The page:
To me, Coming Out can best be described as climbing a mountain. You can see where you want to go, but the closer you get the harder it becomes.  As you climb the air gets thinner, your body gets tired, your mind starts telling you it is impossible.  The emotional struggle and pain of coming out is so similar.  You can’t breathe, your body begins reacting to the anxiety or depression, and your mind creates reasons for you not to follow through.  Once you reach the top though, and are looking out over the expanse in front of you, the views are beautiful.  The views are endless.  Once you come out and allow yourself to be truly open and authentic, the possibilities in front of you are endless and life altering.


Coming out is a “rite of passage” for anyone identifying as LGBTQ.  I have come out in varying degrees so many times in the last 10 years I have lost count.  I only come out as much as I need to, to satisfy the requirements of my audience.  Some of my acquaintances only know me as a Lesbian.  Some people have known me as Bisexual.  Very few people know my entire story.  


I believe that when we come out to someone we are giving them privilege to intimate information. This is why I only give people the information they need. The people that know my truth, that know the intimate details of my journey and experience; those are my closest friends.  So, While coming out is stressful and can be difficult, we do have control over the amount of information we share.  We do not have control over other peoples reactions to that information.  


I remember the first time I came out to someone.  It was my parents.  I was 12 and had been arrested for shoplifting makeup, from a Kash N Karry… I obviously left out the cash part.  My parents were furious and disappointed.  As I was trying to give them an explanation my father was tearing my room apart. In a panic I let loose all the things I was feeling inside.  It went horribly wrong….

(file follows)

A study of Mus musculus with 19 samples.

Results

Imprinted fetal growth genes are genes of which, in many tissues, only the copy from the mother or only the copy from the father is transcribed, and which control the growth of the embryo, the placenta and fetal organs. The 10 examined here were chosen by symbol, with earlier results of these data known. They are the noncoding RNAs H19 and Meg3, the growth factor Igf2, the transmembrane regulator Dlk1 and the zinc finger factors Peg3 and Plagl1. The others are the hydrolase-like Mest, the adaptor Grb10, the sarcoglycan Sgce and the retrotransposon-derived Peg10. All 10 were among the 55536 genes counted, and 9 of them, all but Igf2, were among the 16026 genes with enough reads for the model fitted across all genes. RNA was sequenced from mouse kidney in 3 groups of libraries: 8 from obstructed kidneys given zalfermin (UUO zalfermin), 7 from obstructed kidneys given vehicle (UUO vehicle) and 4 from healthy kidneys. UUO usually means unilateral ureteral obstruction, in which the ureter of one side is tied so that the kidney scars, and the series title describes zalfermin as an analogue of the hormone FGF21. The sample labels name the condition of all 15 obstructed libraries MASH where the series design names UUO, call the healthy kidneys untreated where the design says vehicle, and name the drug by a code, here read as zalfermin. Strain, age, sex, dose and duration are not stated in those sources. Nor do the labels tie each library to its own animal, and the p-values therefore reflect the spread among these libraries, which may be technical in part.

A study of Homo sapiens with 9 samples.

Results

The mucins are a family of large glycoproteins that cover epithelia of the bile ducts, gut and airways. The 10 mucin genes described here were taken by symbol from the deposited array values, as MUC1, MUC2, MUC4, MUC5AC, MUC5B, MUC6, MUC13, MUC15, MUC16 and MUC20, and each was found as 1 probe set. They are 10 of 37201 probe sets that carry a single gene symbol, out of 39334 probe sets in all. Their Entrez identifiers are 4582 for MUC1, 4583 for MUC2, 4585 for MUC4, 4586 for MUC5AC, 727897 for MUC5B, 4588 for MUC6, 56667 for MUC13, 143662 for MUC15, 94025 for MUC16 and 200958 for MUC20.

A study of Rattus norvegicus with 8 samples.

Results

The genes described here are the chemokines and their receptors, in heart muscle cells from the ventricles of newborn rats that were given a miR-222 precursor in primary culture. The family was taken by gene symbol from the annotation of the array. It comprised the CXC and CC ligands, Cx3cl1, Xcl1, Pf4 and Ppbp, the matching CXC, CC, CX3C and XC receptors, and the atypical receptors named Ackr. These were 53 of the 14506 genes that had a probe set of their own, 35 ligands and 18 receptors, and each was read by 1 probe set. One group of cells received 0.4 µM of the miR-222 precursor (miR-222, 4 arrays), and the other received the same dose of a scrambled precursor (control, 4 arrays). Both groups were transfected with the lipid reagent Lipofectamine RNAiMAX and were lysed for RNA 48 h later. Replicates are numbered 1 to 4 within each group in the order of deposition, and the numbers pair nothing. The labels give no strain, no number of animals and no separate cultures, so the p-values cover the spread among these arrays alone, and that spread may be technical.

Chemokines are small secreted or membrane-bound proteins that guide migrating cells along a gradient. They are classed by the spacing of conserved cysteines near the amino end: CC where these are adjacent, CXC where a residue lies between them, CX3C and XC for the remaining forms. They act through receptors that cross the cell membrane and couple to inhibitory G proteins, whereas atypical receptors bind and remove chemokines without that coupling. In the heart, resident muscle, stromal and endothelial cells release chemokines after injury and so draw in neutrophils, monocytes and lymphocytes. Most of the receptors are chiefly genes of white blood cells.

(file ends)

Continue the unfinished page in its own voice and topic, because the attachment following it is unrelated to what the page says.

Since that time I have come out to my family.  I have come out to friends. I have come out to people I was dating.  I have come out to coworkers.  And I have come out in support groups and therapy.  No experience has been the same.  Some people have not taken the time to know me.  Others have embraced me and become my best friends.  Each one was a risk.  Yet, coming out to them was a necessity. Just as coming out to you now is something I must do.  I can not in good faith coach you and work with you towards becoming the most authentic you without doing so.  My story, my experiences, they are the one tool I have that no one else does.  They are the one thing that sets me apart from the others.  My story and experiences are the gift I can give to all of you and use as a tool to help you on your journey.


At 12 years old I told my parents unequivocally that I was not a boy, that I was actually a girl. Now I am telling you that I am a Transgender Female.  My name is Christina and my pronouns are she and her.  

I am the Transgender person next to you in the grocery store.  I am the Transgender person you work next to.  I am the Transgender person you pass on your way out of the bathroom.  I am the Transgender person that is right there, but you never see.


This is the first in a series of posts that will not only tell my coming out story, but will also discuss the importance and the challenges of coming out.